Test First Isn’t

Here’s an essay I wrote several years ago but apparently never posted. It didn’t get where I wanted it to go, and turned into a bit of a rant. Hope you enjoy it as much as I still do.

Test first development isn’t testing. It’s development. It’s prep work for a developer. It doesn’t test anything. And as a matter of fact, if you could write tests first that work without testing before running them, you’re probably a perfect coder, and writing tests would be superfluous.

Now, running a test after the code is written is testing, but in the simplest possible sense. In about the same way that spell-checking is editing. Or rather, you could consider the spell checker the compiler, and the notoriously bad grammar checker equivalent to the also notoriously bad warnings a compiler gives. But no one considers a document even “proof-read” because Microsoft Word didn’t underline anything. Actually, a document of any length –say half a page or more– is probably unreadable if there are no squiggly underlines in it.

What would be your own unit tests (or even automated functional tests) that could be done to a document? Pretty difficult to come up with something useful, isn’t it?

But code is structured, you complain? Stop complaining, so is English. As a matter of fact, supposedly your code is just a much longer description of a specification written in English (or Swahili). It’s longer because computers aren’t as smart as people, and because of that, you have to talk down to them and use lots of little words and a lot more punctuation.

Let me help you out. There are some things that can be automated. Such as word count. Formatting guidelines. Header style. Beginning, middle, and end. You could come up with run-on sentence algorithms or text analysis. But the real trick is turning a document into an executable, because that’s what code does.

How are documents executed? By modifying them. The aforementioned word count can make sure the document length doesn’t change — or if it does, that the changes occur in an expected area. Or that formatting changes (margins, fonts, etc.) are changed across the board.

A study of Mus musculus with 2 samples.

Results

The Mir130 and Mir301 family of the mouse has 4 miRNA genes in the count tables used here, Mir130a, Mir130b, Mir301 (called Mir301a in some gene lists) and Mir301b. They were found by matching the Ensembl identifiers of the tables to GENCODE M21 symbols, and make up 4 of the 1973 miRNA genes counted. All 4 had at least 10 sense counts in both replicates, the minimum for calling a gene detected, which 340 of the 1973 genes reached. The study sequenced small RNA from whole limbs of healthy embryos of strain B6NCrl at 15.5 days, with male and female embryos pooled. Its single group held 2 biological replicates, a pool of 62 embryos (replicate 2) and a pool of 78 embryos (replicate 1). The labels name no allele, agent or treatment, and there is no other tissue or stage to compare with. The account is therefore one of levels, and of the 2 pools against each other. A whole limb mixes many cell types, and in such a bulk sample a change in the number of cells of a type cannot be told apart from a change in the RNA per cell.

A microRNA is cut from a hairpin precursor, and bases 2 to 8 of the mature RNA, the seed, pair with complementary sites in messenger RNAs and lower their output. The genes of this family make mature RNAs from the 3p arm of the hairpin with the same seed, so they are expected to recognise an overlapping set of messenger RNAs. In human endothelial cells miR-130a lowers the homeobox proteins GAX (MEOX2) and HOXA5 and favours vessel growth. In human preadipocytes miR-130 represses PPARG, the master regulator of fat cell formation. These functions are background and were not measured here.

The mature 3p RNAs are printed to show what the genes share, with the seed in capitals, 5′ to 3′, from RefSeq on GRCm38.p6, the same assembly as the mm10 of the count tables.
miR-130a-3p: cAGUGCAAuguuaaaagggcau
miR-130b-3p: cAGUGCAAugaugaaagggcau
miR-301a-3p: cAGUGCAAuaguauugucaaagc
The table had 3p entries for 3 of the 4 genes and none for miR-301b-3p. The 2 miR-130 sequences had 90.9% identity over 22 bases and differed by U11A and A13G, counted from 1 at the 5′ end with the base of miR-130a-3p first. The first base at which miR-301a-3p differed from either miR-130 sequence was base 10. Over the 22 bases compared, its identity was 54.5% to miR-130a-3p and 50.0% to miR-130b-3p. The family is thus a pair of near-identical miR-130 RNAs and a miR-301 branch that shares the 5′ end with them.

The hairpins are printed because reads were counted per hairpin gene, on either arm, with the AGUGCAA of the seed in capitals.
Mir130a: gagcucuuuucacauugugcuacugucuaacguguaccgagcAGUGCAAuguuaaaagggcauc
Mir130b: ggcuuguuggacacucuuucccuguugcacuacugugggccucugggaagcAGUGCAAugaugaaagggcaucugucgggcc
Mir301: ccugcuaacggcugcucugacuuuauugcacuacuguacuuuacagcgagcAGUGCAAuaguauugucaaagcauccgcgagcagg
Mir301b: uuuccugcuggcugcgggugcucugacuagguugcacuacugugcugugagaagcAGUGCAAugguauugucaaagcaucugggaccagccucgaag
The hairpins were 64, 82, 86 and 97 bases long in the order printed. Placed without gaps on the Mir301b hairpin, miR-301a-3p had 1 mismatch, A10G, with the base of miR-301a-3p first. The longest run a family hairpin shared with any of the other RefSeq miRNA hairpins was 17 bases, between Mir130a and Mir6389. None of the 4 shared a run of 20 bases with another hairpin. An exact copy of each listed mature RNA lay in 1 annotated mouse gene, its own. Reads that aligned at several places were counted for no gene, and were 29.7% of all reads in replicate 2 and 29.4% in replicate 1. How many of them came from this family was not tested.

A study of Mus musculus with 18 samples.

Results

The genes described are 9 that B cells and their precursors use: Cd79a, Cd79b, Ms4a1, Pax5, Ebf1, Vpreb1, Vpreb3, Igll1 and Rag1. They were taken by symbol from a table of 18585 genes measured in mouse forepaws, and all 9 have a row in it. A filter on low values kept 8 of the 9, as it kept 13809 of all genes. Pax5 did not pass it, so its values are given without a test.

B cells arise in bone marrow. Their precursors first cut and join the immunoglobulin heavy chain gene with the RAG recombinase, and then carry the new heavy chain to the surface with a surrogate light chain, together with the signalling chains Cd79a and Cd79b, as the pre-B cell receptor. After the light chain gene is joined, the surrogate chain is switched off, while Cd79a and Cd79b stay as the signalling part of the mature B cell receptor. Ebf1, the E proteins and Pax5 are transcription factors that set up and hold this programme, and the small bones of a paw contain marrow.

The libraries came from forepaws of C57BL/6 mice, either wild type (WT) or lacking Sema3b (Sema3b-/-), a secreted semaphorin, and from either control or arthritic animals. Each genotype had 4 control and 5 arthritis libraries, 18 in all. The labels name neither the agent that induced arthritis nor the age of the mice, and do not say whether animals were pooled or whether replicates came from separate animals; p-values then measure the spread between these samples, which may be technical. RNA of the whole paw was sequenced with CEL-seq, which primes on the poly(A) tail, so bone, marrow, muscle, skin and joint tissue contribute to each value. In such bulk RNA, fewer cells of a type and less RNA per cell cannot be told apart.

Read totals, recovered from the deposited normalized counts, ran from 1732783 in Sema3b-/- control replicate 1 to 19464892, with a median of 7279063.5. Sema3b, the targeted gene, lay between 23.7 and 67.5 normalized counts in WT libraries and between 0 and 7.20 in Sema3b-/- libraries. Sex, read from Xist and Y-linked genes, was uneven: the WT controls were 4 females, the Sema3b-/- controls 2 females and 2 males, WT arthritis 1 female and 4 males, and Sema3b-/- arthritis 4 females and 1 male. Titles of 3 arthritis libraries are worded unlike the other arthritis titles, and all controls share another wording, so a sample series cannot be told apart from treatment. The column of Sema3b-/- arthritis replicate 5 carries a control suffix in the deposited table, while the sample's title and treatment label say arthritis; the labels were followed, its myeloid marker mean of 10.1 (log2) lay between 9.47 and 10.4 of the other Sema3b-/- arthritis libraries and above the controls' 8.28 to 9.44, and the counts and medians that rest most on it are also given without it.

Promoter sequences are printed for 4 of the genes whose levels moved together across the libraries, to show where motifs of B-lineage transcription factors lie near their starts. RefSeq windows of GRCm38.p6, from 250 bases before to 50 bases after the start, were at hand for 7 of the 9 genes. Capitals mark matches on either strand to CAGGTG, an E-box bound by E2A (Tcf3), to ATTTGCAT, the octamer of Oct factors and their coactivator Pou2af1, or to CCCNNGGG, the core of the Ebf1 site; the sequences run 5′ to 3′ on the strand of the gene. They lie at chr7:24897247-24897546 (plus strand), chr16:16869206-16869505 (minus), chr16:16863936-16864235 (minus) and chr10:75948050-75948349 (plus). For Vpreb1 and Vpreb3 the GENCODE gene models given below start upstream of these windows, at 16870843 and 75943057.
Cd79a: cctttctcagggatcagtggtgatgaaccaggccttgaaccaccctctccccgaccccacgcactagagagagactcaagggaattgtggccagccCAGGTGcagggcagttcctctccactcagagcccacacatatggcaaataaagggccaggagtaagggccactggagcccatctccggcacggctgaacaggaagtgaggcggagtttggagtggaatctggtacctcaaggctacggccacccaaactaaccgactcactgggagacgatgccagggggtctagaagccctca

Fairly useless stuff, right? But that’s all automated tests can do for software. Granted, there are a lot of variables in software that aren’t in documents, and code changes happen even more. So there is value in REGRESSION tests being automated. Because a code change is like a document edit. You don’t want to edit one paragraph and expect the format (or word count) of another paragraph to change.

Now, I’m not arguing against automated testing (it’s what I do for a living), but I’m arguing in favor of knowing what it can do, so it can do it well. The biggest travesty in quality assurance is the so called “test first” methodology. It’s really just a cop out that says you’re not going to test.

Supposedly, the idea is to do the things first that you never have time to finish. You know, like washing the dishes. By the time you’ve fixed dinner and eaten it, it’s time for your favorite television show (or online chat game, for you WoWers), and there just isn’t time to do the dishes.

Here’s a novel idea — why not do them before cooking? Cooking is what takes up all the time, and the cutting and mixing and associated tasks. Cooking is Very Important. After all, without the cooks, there’d be nothing to eat. Therefore, of course, cooks are the most important people in the cooking process, right? As such, they don’t have time to do the dishes, so you need to find someone else (less important) to do them. And do them before you start cooking. Makes sense, right?

Okay, you could test (I mean wash dishes) while cooking. Every time a cook dirties a dish, a tester (I mean dishwasher) could wash it. Then, everyone could sit down to dinner and all the dishes would be done, and no one would miss Wipeout (or another quest to chop wood or fight squirrels).

Except of course the dishwasher, who’d also miss dinner. Because while a spoon can get washed after every use, that big pot of goulash can’t get cleaned until after everyone has been served (and served seconds, if the cook is any good.)

And of course, there’s the little problem the cook never thought about of all the dinner plates, silverware, and glasses. Those need washed too. If only they could be washed first, or iteratively.